Unless new members are inducted at jet speed, the strength of Tata Sons board will come down to four in July.
When Cyrus Mistry joined Tata Sons in September 2006, he was the 11th board member of the unlisted holding company of India’s largest business conglomerate. In close to seven years, Mistry, now chairman, has seen the size of the board shrink to five. And, unless new members are inducted at jet speed, the strength will come down to four in July, when group veteran R K Krishna Kumar retires.
That’s not all. Including the chairman, the Tata Sons board will have just three members - the minimum legal requirement for an unlisted company - when
F K Kavrana retires as non-executive director in March next year as he reaches the retirement age of 70.
Apart from Mistry, the two board members who have a relatively long period on the board are Ishaat Hussain and R Gopalakrishnan. While Hussain, the former group chief financial officer, moved to a non-executive role after turning 65 in September last year and is due to retire only in September 2017, Gopalakrishnan, who became a non-executive director in 2010, will retire in December 2015.
“An experienced set of three board members can get things done, if they share clarity of vision,” says Anuj Sah, principal associate at Khaitan & Co, a corporate law firm. Sah, however, adds: “It is generally desirable for large companies to have a higher number of directors on board, to have a better exchange of ideas and quality discussion on critical issues.”
That is the reason why filling the C-suites could be on top of the list of must-dos for the young chairman of the over-$100-billion group that has close to 100 operational companies - a substantial number of these with public shareholding and in diverse businesses.
The task becomes even more challenging, given that the three “internal candidates” - at least according to the speculation in industry circles and the media - will all next year turn 70, the cut-off age for Tata Sons’ board members.
In 2009, the three top veterans - Ravi Kant, B Muthuraman and S Ramadorai turned 65 and moved from their active executive roles as MD and CEO to non-executive vice-chairman at Tata Motors, Tata Steel and Tata Consultancy Services, respectively. It is most unlikely they will join the board as the signal from the corner office is to create leadership for the long term. “We will communicate board-level changes, as and when they happen, and will not comment on speculation,” said a Tata Group spokesperson in an email response to queries sent.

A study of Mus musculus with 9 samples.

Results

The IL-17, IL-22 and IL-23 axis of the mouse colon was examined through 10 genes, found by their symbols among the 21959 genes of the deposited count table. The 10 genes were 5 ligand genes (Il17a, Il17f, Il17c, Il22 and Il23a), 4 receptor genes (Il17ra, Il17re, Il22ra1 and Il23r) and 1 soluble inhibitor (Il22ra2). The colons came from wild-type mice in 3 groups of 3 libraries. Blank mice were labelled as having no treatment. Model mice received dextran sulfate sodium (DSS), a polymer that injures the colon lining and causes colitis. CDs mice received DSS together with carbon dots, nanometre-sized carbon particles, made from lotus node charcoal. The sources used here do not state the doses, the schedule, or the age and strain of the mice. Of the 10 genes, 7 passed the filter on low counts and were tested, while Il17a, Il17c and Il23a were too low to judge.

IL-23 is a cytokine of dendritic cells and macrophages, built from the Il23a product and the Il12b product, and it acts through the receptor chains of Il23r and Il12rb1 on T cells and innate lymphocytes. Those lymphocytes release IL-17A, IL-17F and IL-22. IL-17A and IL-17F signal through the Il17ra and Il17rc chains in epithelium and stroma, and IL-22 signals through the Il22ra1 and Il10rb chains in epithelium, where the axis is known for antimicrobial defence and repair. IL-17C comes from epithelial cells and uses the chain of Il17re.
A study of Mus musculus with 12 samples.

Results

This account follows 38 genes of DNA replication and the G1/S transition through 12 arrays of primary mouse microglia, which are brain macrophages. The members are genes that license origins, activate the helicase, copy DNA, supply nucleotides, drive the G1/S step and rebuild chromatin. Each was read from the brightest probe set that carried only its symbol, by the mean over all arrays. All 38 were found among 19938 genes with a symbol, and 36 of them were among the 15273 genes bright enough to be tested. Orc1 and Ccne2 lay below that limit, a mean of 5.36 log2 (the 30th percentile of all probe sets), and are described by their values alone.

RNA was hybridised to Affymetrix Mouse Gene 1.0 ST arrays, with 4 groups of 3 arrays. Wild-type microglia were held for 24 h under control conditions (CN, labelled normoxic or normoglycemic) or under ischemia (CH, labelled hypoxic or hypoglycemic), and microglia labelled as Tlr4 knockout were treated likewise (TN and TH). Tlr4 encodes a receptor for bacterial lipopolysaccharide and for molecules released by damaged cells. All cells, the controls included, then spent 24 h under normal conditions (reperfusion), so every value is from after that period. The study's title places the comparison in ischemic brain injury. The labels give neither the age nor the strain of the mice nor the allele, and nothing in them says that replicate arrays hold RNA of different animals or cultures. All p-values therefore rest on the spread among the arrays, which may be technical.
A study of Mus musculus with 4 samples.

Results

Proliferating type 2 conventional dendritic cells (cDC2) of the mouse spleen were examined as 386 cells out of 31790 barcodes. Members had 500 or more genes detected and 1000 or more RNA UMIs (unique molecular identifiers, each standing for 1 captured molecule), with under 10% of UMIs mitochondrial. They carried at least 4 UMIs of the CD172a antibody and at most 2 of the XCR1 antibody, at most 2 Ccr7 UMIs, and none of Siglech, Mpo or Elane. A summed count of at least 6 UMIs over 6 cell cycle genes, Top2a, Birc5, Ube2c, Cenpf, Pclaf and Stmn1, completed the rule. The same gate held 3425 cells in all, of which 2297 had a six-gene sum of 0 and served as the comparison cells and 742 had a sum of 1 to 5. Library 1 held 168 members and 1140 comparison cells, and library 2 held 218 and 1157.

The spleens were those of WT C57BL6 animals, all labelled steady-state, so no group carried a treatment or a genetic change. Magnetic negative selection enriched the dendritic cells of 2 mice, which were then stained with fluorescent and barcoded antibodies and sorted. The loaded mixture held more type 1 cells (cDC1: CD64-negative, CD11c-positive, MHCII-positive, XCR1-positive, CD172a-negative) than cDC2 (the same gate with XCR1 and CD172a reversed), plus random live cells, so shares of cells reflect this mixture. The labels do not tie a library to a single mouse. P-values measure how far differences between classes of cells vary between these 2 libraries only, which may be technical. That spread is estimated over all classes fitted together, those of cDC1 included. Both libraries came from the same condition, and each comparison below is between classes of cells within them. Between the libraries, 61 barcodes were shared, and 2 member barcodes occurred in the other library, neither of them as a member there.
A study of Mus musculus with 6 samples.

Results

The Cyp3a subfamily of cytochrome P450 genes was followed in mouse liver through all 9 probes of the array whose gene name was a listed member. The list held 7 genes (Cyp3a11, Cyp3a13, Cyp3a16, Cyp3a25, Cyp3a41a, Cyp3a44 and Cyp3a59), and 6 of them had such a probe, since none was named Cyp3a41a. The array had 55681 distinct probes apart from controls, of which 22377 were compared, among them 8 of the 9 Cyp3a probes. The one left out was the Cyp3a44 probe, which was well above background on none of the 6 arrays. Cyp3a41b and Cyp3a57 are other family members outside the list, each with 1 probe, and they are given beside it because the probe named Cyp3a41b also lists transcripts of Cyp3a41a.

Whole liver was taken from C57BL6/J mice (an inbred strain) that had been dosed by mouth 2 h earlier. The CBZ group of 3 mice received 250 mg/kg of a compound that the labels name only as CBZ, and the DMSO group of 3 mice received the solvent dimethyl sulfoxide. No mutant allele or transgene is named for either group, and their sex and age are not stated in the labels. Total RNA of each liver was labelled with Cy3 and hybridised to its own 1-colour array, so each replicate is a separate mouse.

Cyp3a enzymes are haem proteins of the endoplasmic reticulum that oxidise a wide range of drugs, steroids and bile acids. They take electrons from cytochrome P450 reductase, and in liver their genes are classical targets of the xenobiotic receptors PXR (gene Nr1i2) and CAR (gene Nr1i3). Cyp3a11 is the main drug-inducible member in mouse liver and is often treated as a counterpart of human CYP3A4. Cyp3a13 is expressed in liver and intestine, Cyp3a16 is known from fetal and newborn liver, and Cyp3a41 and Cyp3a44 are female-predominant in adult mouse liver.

But at least one of Mistry’s moves is no longer in the realm of speculation. The chairman moved decisively last week to create a second tier of top leadership by setting up a group executive council (GEC), under the aegis of the board, to own and drive group-level strategies. With this, the earlier apex executive bodies - group executive office (GEO) and group corporate centre (GCC) - set up by his predecessor, have ceased to exist.
The GCC, which earlier worked on group strategy, comprised board members Krishna Kumar, Gopalakrishnan and Hussain. And the GEO, the body that ensured execution of strategy had Hussain, Gopalakrishnan and Kishore Chaukar (former managing director of Tata Industries). With the new GEC in place, Hussain and Gopalakrishnan will be on the board only in a non-executive capacity. This, observers say, shows Mistry’s preference for creating a long-term leadership pool.
At present, the GEC has only three members - N S Rajan, 51, who has been appointed as chief human resource officer for the group from May 9; Mukund Govind Rajan, 44, the group’s brand custodian and chief ethics officer; and Madhu Kannan, 40, head of business development. All three have been hand-picked by the chairman himself. Tata Sons has already said more GEC members will be appointed “in due course”.
“As the old hands leave and a young leadership team is being created, it would be easy to bring them first at the GEC level,” the head of an HR consultancy firm says. While the group has no dearth of exceptional talent, most are managing directors of their respective firms; giving them dual responsibility (membership of the Tata Sons board or the GEC) may not be a prudent idea, given the challenges companies face because of economic headwinds, HR observers say.
Mistry also has to fill up two critical posts - someone to head the group’s mergers & acquisitions team, a position that fell vacant after Arun Gandhi retired on March 15, and a group chief financial officer, since Hussain retired from an executive role.
The chairman and the new group HR head are certainly going to have their hands full.